Food & Wine Pros | The issue of consistency in food and wine pairing

Food & Wine Pros

The issue of consistency in food and wine pairing

A while ago I encountered a problem that restaurants must deal with every day: the issue of consistency.

I was doing a series of workshops for the Irish wine distributor Febvre as part of their Febvreuary promotion (clever name!) three of which were held at Drury Buildings in Dublin’s city centre and involved the same menu.

Two courses in particular varied quite significantly - a dish of pappardelle with wild mushrooms where the amount of saucing ranged from quite dry (making the mushrooms more dominant and therefore more pinot-friendly) to creamy which kicked in better (in my view) with the De Bortoli chardonnay we were offering as an alternative.

The T Bone steak also tasted different each time. More or less charred, more or less rare and more or less fatty depending on which part of the cut you got. In session 3 it was significantly salter which make the Banfi chianti we were tasting with it even more appealing (though on balance it was most people’s favourite) The D’Arenberg Darry's Original (a GSM blend from 2010) worked best with the rarer slices and accompanying shallot which again differed in its degree of caramelisation and sweetness. (This by the way is no reflection on the kitchen - simply what you'd expect when you taste a dish on successive occasions.)

Even the wines tasted different, I thought - better on the second day (February 18th) than the first. Bottle variation (some were under cork)? From a different case? Atmospheric pressure? Who knows. Both days were root days as a matter of interest.

The net effect was the pairings varied each session. And so did the reactions of those present. Different people, different preferences.

Does this prove - as I’m sure some would argue - that food and wine matching is a pointless endeavour? You’d expect me to say this but absolutely not any more than it’s pointless putting a dish on the menu as it might not taste exactly the same the following day.

But it does perhaps make a case for keeping an eye on your food and wine pairings particularly if you change elements in a dish (such as the vegetables) or switch vintages. A new delivery of a wine might even taste different from the last few bottles of the previous one. Or, then again, it might not ....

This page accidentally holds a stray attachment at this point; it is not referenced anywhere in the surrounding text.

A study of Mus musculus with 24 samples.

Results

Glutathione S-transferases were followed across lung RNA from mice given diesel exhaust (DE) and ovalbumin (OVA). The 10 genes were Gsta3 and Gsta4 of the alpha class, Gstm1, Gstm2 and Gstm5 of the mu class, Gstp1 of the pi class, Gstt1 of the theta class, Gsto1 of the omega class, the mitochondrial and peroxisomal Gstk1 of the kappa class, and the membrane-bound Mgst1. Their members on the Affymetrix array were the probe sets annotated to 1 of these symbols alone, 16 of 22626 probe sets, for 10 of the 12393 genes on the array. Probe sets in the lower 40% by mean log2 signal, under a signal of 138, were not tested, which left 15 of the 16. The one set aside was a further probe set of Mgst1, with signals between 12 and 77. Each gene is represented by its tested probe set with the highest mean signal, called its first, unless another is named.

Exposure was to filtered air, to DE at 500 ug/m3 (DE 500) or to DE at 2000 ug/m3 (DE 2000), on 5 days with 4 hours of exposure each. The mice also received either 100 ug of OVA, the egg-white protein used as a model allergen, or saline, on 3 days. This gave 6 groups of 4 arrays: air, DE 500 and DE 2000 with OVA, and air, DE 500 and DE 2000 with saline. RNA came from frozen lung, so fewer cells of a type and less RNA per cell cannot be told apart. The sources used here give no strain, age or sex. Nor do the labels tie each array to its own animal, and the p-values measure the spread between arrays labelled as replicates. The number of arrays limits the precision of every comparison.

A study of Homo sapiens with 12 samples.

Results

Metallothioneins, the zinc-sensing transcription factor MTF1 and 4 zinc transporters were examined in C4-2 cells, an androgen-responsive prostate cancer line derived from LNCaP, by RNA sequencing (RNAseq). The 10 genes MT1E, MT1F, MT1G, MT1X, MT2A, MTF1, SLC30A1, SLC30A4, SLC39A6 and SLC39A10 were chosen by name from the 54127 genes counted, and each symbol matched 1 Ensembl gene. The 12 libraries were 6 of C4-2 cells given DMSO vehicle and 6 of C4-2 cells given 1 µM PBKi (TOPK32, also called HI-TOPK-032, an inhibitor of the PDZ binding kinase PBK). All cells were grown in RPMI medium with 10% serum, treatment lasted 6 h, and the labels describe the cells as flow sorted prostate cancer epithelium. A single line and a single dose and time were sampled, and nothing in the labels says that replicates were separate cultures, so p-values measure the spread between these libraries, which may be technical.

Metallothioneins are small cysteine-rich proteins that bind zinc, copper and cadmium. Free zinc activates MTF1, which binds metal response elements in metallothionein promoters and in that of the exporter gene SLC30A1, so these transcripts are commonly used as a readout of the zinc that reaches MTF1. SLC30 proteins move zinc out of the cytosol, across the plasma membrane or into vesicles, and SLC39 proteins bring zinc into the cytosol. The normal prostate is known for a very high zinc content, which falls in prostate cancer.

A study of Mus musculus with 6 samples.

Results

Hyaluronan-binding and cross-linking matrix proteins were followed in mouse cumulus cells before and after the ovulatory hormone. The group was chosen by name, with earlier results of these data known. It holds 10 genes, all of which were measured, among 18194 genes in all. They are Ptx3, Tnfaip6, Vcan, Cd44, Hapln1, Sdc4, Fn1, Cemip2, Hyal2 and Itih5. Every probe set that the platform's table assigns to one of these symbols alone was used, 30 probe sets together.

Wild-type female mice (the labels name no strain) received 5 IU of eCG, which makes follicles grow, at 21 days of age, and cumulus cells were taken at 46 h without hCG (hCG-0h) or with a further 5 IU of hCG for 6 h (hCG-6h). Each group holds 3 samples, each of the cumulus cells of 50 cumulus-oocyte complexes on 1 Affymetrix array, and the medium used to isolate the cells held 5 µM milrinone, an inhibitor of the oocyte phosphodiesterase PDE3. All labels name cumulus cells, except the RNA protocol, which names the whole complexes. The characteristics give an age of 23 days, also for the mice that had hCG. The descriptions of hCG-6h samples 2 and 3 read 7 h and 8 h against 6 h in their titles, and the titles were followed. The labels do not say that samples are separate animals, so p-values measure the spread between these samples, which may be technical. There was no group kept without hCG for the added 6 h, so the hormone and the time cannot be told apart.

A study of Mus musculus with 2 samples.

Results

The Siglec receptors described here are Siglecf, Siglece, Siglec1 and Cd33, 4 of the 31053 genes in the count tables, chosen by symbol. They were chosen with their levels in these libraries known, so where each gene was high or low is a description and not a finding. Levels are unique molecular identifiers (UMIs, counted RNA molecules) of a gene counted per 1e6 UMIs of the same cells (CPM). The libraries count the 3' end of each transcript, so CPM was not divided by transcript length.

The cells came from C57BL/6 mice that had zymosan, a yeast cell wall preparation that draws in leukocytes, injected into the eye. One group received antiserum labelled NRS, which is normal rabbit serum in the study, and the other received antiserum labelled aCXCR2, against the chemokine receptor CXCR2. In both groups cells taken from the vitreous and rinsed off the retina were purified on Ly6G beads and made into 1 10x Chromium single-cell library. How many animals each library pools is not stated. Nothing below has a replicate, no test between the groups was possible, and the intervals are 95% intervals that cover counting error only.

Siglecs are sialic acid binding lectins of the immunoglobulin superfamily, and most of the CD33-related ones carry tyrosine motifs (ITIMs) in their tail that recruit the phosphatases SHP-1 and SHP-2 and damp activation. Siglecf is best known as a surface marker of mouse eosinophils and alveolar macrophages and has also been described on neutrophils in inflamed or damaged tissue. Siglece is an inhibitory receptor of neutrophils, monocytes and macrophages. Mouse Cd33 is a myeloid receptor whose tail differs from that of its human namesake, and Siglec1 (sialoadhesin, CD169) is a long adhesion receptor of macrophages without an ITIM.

Restaurateurs who offer food pairings I’d be interested to have your reactions to this. How you deal with the issues of vintage variation and consistency in the kitchen?


Fiona Beckett on February 22 2015 at 09:59

Good point about the condiments Miles. Ketchup in particular makes a HUGE amount of difference to a wine pairing and would definitely have steered that steak in the direction of the GSM.

Miles MacInnes (Jascots Wine Mer on February 19 2015 at 13:20

A bit of variation in each serving of a particular dish is inevitable and usually won't cause a problem even though the wine and the dish will taste different.

What really might screw-up a match is adding a load of condiments, horseradish, English mustard, ketchup, chutney! These are big flavours and will really change the dish.

When we're doing our matches we always add the most likely accompaniments (ketchup to burger, apple sauce to roast pork) and it does make a big difference to the match-making.

There's not much you can do to allow for the amount of pepper or salt that someone might add though.

Fiona Beckett on February 19 2015 at 12:30

Thanks, Roger. Good to know you've come across the same problem (if it is a problem. I think we should accept some lack of consistency.). Interesting thought that where you taste the match also makes a difference. Certainly if event is wine-led food may well have to be tweaked. Food for thought!

Roger Jones on February 19 2015 at 12:09

You are quite right Fiona, the merest change in a recipe can cause a hiccup in the wine matching

Just as with making wine where the winemaker wants the same flavours from each bottle the same strict policies need to be kept to when serving a dish that has been specifically matched.

However there are huge variants, which I found out whilst promoting a food and wine matching event in Cape Town in January matched to 2 blind wines one from Australia and one from South Africa over 6 courses.

The dishes I had planned and was happy with in the UK did not show the same influences when cooked in Cape Town, due to numerous reasons, so we had to adapt the dishes so that they would blend in well with the wines.

You are quite right food and wine matching is very important, and normally in your own environment / kitchen using your normal ingredients works well, but just like a glass of wine may taste different in different environments and weather patterns food also can vary due to chef, source, environment.